For the past few weeks, the Tennis Channel has been showing some classic Davis Cup matches, as well as highlights from last year's event, such as the U.S.-Spain semi and the Argentina-Spain final.
I've been checking out the matches when I can, or if I can't, I might DVR it if it's a good one. (DVR can be used as a verb nowadays, right?) Anyway, I got to record a match between Stefan Edberg and Boris Becker in the 1989 finals on Becker's home turf in Germany. "Boom Boom" blasted Edberg off the court in that match, weeks after losing to the Swede in the Masters finals.
Those two played a lot against each other over a stretch of a few years and were playing against each other in their second Davis Cup final in a row. Becker's team went back to back capturing the Cup in '88 and '89, But don't feel bad for Stefan: He's got his share of Cups, too.
But I have to tell you: If this week's Davis Cup lineups for Sweden and Germany are any indicators, I don't see those once-dominant nations pulling out many victory laps in the future. Those Cups they won in the '90s could be it for a while.
Did you see the lineup Mats Wilander (also a Davis Cup hero) is trotting out against Israel? It's pretty rough: He's counting on Thomas Johansson and Andreas Vinciguerra to lead the team in singles, both who are coming off pretty big injuries (which is nothing new for Andreas). Israel's definitely the favorite in my mind, believe it or not, with its team of journeymen led by Dudi Sela.
Germany is going up against Austria, and is starting Rainer Schuettler and Nicolas Kiefer. While those two may have been top tenners in the past, that's definitely in the rearview mirror. It'll be a dogfight, when in reality it shouldn't be.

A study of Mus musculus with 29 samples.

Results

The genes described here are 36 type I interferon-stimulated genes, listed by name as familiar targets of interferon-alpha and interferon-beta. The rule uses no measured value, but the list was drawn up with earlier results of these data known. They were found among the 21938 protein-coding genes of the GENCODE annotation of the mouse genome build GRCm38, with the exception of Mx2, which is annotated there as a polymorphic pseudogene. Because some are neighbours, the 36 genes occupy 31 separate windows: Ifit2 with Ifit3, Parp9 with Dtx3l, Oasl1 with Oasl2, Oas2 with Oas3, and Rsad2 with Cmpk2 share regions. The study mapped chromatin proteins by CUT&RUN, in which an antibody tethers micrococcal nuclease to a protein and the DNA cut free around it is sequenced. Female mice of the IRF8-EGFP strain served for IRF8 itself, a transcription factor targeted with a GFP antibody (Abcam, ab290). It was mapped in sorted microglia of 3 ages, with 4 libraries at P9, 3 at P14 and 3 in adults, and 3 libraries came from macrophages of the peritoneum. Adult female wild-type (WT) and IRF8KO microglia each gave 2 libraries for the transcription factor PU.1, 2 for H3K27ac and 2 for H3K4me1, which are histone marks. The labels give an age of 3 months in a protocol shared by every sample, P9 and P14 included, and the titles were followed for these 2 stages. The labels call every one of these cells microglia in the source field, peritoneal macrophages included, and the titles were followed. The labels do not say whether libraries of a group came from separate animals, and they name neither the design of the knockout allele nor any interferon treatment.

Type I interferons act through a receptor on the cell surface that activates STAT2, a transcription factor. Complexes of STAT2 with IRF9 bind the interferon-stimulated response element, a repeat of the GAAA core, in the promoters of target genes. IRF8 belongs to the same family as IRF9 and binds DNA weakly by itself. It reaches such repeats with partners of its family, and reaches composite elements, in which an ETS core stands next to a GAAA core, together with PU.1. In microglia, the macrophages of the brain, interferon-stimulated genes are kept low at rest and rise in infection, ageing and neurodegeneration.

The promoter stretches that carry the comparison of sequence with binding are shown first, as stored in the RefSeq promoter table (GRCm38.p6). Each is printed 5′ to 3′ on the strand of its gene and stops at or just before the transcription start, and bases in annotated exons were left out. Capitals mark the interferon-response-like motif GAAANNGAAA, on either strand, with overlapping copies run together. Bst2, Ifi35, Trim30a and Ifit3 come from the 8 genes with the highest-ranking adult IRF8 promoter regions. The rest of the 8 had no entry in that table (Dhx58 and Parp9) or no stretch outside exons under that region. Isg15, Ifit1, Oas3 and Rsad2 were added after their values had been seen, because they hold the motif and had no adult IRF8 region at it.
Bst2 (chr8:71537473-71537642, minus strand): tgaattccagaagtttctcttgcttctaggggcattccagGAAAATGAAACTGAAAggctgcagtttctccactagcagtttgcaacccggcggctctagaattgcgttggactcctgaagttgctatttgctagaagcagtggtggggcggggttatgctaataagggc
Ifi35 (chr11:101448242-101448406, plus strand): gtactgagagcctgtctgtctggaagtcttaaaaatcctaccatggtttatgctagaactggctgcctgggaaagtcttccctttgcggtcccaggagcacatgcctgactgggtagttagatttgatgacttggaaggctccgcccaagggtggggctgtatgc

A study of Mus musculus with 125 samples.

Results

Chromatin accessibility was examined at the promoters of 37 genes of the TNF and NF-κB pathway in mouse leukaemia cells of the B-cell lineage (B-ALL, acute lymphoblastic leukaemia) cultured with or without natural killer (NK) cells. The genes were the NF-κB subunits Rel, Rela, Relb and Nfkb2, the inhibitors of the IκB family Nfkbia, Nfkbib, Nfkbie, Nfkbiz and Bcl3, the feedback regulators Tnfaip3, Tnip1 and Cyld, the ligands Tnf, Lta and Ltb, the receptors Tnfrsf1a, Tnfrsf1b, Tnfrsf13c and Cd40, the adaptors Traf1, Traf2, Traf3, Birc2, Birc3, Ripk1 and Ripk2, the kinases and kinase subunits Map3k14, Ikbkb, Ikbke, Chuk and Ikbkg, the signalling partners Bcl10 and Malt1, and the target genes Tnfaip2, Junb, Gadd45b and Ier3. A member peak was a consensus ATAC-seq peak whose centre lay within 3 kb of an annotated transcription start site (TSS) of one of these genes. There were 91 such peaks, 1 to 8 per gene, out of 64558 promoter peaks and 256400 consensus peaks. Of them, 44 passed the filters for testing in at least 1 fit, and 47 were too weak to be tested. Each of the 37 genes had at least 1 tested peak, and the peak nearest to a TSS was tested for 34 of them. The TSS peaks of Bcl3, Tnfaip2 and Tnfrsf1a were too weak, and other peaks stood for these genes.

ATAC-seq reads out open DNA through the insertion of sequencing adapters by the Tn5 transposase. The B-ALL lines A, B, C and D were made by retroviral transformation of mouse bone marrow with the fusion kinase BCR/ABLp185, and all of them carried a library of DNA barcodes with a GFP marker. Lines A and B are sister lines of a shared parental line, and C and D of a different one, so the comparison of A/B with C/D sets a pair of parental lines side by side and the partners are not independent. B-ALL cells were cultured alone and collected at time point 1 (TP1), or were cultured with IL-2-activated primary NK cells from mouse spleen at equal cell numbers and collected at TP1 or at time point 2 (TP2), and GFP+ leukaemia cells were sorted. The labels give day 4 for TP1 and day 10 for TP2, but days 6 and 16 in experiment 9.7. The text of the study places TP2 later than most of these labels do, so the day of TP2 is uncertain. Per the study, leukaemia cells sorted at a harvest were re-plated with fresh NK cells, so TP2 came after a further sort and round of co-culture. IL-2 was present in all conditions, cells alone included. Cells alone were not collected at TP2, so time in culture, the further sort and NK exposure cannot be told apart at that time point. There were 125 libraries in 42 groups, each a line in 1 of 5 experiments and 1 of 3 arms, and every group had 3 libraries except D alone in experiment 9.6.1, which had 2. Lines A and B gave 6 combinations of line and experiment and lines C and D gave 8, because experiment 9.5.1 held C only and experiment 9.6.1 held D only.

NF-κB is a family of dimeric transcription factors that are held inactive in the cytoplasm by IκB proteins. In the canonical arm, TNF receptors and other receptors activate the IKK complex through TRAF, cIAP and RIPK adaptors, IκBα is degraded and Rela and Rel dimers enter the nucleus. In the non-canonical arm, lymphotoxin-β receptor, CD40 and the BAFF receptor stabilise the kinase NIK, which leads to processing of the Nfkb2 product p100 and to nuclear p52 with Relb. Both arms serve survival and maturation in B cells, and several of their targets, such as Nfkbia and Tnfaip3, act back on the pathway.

It's something to see, watching a once-dominant nation fall off (speaking from experience as a Team USA fan!), but I guess those teams led by Edberg and Wilander and Becker set such a ridiculously high standard. Check this out, though: Between Germany and Sweden, since 1990, there have only been five Slams won by a player from either one of those countries on the men's side: two apiece by Edberg and Becker, and the Australian Open in 2002 by Johansson. That's some pretty low numbers counting the players from those countries that have reached the top 10, and even top five, over that time.
I guess it's tough to be playing in the shadows of two of the all-time greats. But you have to break out at some point.
An old friend of mine and I used to talk tennis for hours, whether it was our own games or what was happening in the pros. I've started Tennis Talk, Anyone? to, well, talk tennis with an even broader crowd! My name is Van Sias and I've been playing for 20 years now, and not only am I player, I'm a huge fan of the game as well: pro, amateur, you name it. I'll post links to news items related to the sport, and offer my own personal opinion, predictions and hopefully get some of yours as well.